Are you stuck in the ‘comfort zone’? If you perform your role with ease, rarely feel challenged or feel like nothing’s changing, then the answer is almost certainly yes.
Before you can break out of the ‘comfort zone’, into the infinitely more satisfying ‘learning zone’, you need to understand what might be keeping you in ‘stuck’ mode.
1. You think you’re not ready
In the face of a challenging new opportunity, even the bravest soul can become a masterful excuse-maker. “I’m not ready for that yet” is a classic example of an excuse you might give yourself for why you shouldn’t go for that promotion, attend that networking event or volunteer for a speaking role at the next departmental meeting. Tell yourself that it’s through doing something new that you’ll learn and gain valuable experience.
Your new mantra doesn’t have to mean saying “yes” to absolutely everything. In the webinar Steps to stepping up
, Pippa Isbell advises that you should spend time figuring out what you want from your career – the types of skills you want to cultivate, the people you want to meet and the diversity of roles you’d like to perform. “Know where you want to go, and position yourself to get there.”
2. You focus too much on the bigger picture
So you know that you want to make department head within the next five years. Great, you’ve a solid long-term goal to work towards. But often you’ll be so focussed on that overall goal, you’ll fail to see the opportunities that will put you on that trajectory. Plot out the many versions of the story that a rise to department head from your current position could look like, and turn them into mini, achievable and timely goals.
3. You catastrophise
You’ve completed a piece of work and you catch your boss frowning as she flicks through. It doesn’t occur to you that your boss might have forgotten her glasses today, or has a headache, or simply rests into a frown when concentrating. Ask yourself truthfully whether you’re in a pessimistic or optimistic frame of mind, and keep a cool, logical head as you consider the many benefits of stepping out of your comfort zone.
4. You give yourself negative messages
Someone else is better than you. You’re just not good enough to make the grade. You’re only getting the task because nobody else was available. Any of these limiting, self-sabotaging beliefs sound familiar? Get to know this voice in your head. Note down what it says and examine the circumstances under which it pipes up. Is it always the same sort of message in the same sort of situation? Once you know it well, challenge it. Add “because” to its statements and only allow them to be completed if you have concrete evidence, verifiable by a third party, of its assertions.
5. You don’t share your dreams with people who can help
Among your boss’s many attributes is a sixth sense; a psychic ability to know what you want out of your career and how they can help you along the way. Right? Obviously not, but in sitting around waiting for a leg up the ladder you might as well be in that mind-set. Over half (53%) of everywomanNetwork members have never initiated a conversation with the boss about their career goals. Sharing these needn’t mean that you have to announce your decision to make CEO by your next big birthday; but if your boss doesn’t know that you’re desperate to get more exposure to sales pitches or expand your network into new territories, how are they supposed to help? “Most bosses will happily help you move on, grow and develop,” says Pippa. “If you don’t believe that, put yourself in the shoes of a boss: would you hold somebody else back behind you? Ask for what you want, being as specific as possible; if the answer is “no”, then find out what it would take for the answer to be “yes” next time.”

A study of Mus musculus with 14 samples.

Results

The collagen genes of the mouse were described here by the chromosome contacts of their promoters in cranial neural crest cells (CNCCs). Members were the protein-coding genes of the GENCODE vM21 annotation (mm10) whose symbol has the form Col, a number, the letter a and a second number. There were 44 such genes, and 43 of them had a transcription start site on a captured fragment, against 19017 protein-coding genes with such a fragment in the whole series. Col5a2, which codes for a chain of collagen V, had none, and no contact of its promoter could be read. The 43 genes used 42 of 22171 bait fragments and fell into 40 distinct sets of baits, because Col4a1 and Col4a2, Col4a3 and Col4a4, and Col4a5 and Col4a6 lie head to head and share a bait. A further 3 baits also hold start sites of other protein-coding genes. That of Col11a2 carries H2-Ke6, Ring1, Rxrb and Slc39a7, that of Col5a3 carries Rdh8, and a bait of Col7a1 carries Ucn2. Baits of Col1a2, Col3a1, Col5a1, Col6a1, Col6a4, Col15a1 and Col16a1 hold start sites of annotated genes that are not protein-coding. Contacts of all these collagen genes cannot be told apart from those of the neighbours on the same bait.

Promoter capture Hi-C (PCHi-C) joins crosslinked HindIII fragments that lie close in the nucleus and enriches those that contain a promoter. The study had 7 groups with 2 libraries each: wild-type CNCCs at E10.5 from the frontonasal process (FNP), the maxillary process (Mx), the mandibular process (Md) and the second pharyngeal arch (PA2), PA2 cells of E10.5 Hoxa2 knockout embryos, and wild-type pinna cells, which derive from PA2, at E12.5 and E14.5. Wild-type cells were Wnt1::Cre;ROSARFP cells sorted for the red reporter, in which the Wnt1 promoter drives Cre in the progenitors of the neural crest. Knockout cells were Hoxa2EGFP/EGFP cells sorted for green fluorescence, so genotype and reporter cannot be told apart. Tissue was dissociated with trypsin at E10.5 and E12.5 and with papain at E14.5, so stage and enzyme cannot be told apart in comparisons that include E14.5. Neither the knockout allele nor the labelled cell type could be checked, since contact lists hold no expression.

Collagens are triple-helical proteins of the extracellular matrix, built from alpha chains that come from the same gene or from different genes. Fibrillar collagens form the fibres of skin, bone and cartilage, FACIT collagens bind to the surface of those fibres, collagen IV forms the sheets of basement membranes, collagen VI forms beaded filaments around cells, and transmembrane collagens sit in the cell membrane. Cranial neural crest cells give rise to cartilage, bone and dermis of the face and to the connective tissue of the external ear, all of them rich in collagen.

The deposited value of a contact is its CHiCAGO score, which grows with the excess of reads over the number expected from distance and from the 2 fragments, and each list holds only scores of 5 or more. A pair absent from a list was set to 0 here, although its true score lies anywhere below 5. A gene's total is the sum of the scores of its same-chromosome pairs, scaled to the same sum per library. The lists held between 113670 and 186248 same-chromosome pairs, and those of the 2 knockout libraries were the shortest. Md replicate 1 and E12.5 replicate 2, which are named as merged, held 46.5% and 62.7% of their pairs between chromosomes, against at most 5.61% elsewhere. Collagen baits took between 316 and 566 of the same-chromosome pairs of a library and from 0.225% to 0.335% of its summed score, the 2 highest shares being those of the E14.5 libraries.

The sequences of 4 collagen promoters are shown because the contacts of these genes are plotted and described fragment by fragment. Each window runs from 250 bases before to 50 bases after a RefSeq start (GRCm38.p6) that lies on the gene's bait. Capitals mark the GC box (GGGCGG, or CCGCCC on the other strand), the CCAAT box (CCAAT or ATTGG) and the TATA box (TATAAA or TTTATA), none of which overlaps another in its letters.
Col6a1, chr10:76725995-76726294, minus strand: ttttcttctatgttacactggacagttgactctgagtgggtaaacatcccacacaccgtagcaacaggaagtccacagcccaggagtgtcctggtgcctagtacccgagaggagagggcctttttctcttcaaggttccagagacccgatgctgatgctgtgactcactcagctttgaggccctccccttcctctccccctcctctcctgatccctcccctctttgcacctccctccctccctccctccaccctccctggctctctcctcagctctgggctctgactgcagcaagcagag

6. You’re blind to opportunity
Blue car syndrome (purchase a blue car; start seeing blue cars everywhere you go) describes the phenomenon whereby the thing you open your mind to, becomes the very thing you find wherever you look. Once you’ve worked out your goals and aspirations, and the types of opportunities that can move you along your way, you’ll be much more likely to spot them when they appear. Spend some time researching the types of things you’d like to get involved in, now or in the future, to aid goal completion. Stay attuned to company and industry news and events, and lean on the savviest members of your network.
7. You don’t push yourself forward
All the groundwork in the world isn’t going to propel you forwards if you sit on that research and knowledge, waiting for someone – a boss, sponsor or some career saviour you’ve yet to meet – to come along and drop an opportunity in your lap. Make yourself visible. Volunteer for carefully chosen projects; attend training in whatever form it presents itself – formal courses, everywomanNetwork webinars, reading around subjects as diverse as confidence
and personal brand
Learn more about the comfort zone, and take a quiz to help you discover more about your own personal reasons for staying safe, in the everywomanNetwork workbook Step up! Are you ready to put yourself forward at work?